On July 17, 2009, Amazon remotely deleted Orwell’s classic 1984 from the personal kindle ereader devices of purchasers after discovering that the publisher lacked rights to publish the book. Truly an Orwellian moment.
Yesterday, at his 28c3 talk Cory Doctorow imagined a future where copying is easy, where everyone has tiny portable storage devices capable of storing the entire history of recorded and text media, and transferring it to other such devices in fractions of a second.
Yet, this future assumes that we are allowed to have such devices, as opposed to remotely manageable devices like that that Amazon is engineering, where the data you store locally is accessible and deletable remotely, or highly locked-down thin-client devices where you data is stored “in the cloud” and subject to control, including rights management, by storage providers working in cosy relationships with rights holders.
Cory’s talk was titled “The Coming War on General Computing.” driven by market forces and the interests of law enforcement, general purpose computers and general purpose networks will give way to specialized “appliances” and crippled networks, both designed to enable approved uses, but disable uses disapproved of by corporate interests and government policy makers.
Doctorow lampooned the instincts of law enforcement to cripple the Internet in order to prevent crime by comparing it to banning wheels because bank robbers use wheels on their get-away cars. Since a car, either operated by a bank robber or a anybody else, can’t drive without wheels, banning wheels to prevent bank robberies prevents a car from doing what it is meant to do. Because a car is a specialized device, meant for driving, it is useless if it can’t drive, thus legislators would never consider such measures.
Yet, a computer is a general purpose device, not being able to use bitTorrent or Tor doesn’t mean that you can’t play computer games or visit the cheezburger network. Thus, legislators don’t perceive passing laws that limit certain usage makes the computer useless, just as having less features. Cory gave the example of the banning the hands-free telephone feature from cars, which would not make them useless as cars, since they could still drive, just with one less feature. Since legislators don’t generally understand how computers work, passing laws aimed to eliminate child pornography or piracy seems to them to be more like banning a feature, like the hands-free telephone, than banning a critical component, like the wheel.
Yet, in order to prevent computers from running certain software, or from allowing software to perform certain operations something much more invasive than removing a feature must be done. Cory points out that a crippled appliance made to do only certain approved things is not a specialized computer with certain features removed, but a fully functional general purpose computer who’s user is prevented from using it in certain ways by software, akin to root-kits and spyware, that is designed to lock the user out and prevent certain operations from being possible.
In some ways, this is even worse that removing the wheels, it’s hand-cuffing the driver.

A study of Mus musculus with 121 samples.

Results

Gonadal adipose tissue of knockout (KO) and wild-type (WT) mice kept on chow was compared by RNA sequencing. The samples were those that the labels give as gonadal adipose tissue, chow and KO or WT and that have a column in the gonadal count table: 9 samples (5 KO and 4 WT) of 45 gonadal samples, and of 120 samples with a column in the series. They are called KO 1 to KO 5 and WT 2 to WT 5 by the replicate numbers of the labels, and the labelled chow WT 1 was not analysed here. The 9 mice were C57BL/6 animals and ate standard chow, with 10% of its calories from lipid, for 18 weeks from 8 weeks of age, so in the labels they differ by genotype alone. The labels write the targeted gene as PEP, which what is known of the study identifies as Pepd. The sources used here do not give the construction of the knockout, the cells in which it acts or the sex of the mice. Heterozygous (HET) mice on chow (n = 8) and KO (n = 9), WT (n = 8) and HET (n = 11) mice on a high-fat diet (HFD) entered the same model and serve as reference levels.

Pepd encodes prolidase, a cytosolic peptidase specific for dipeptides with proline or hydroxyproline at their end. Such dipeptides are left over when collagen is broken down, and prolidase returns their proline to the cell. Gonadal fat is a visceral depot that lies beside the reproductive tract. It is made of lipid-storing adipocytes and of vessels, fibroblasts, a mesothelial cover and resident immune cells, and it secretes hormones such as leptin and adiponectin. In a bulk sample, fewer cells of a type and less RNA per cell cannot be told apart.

In Cory’s view, this is largely ineffective since such attempts to cripple general purpose devices is often easily circumventable, so legislatures pass legislation making such circumvention illegal.
Doctorow praises the efforts of groups like our close friends, La Quadrature du Net, that fight against freedom denying legislation, and issues a call to arms in the coming war against general computing.
“La Quadrature du Net” means “Squaring of the Net” a play on the old “Squaring the Circle,” an impossible problem that obsessed ancient geometers. The war on general computing and general networking is boxing up the net.
Cory is probably right that many of the legislators who pass laws that try to square the net don’t fully understand how networks or computers work, or the implications of how enforcing such laws necessities violating the privacy and autonomy of all users of computers and networks. It would be mistaken to conclude that such laws are passed in ignorance.
It is not ignorance, nor even genuinely the needs of law enforcement that is driving the war against general computing and a general network. It’s too simple to understand this war as simply tyrannical law enforcers and paranoid music execs duping clueless legislatures into locking-down cyberspace to save Lady Gaga and Katy Perry. Rather this war is simply a consequence of the fact that our technology industry is funded by finance capital, and finance capital requires profit as a return.
As such, the industry requires the control of user interaction and data in order to make profit. If capitalist funded firms can’t control the way people use computers they can’t make money from them, and thus they wont fund the development of software, networks or devices that do not provide such control. And without capitalist funding, no alternatives can be built on any significant scale.
The implications of this is that while we should certainly support La Quadrature and other groups fighting for our online freedoms and the freedom to use our personal computers as well like, we need to understand that our fight is much deeper than convincing some misguided legislators, our fight is against Capitalism.
We can’t realistically demand that freedom enabling computers, software and networks be funded by rent-seeking capitalists, we must find alternatives to finance capital. Otherwise, rather than progressing towards Doctorow’s utopia of instant and unlimited copying, we will get the Orwellian Amazon.com distopia of asymmetric, filtered and monitored networks, cloud storage and locked-down and crippled thin clients.
In order to stop the net from being squared, we need change the way we produce and share.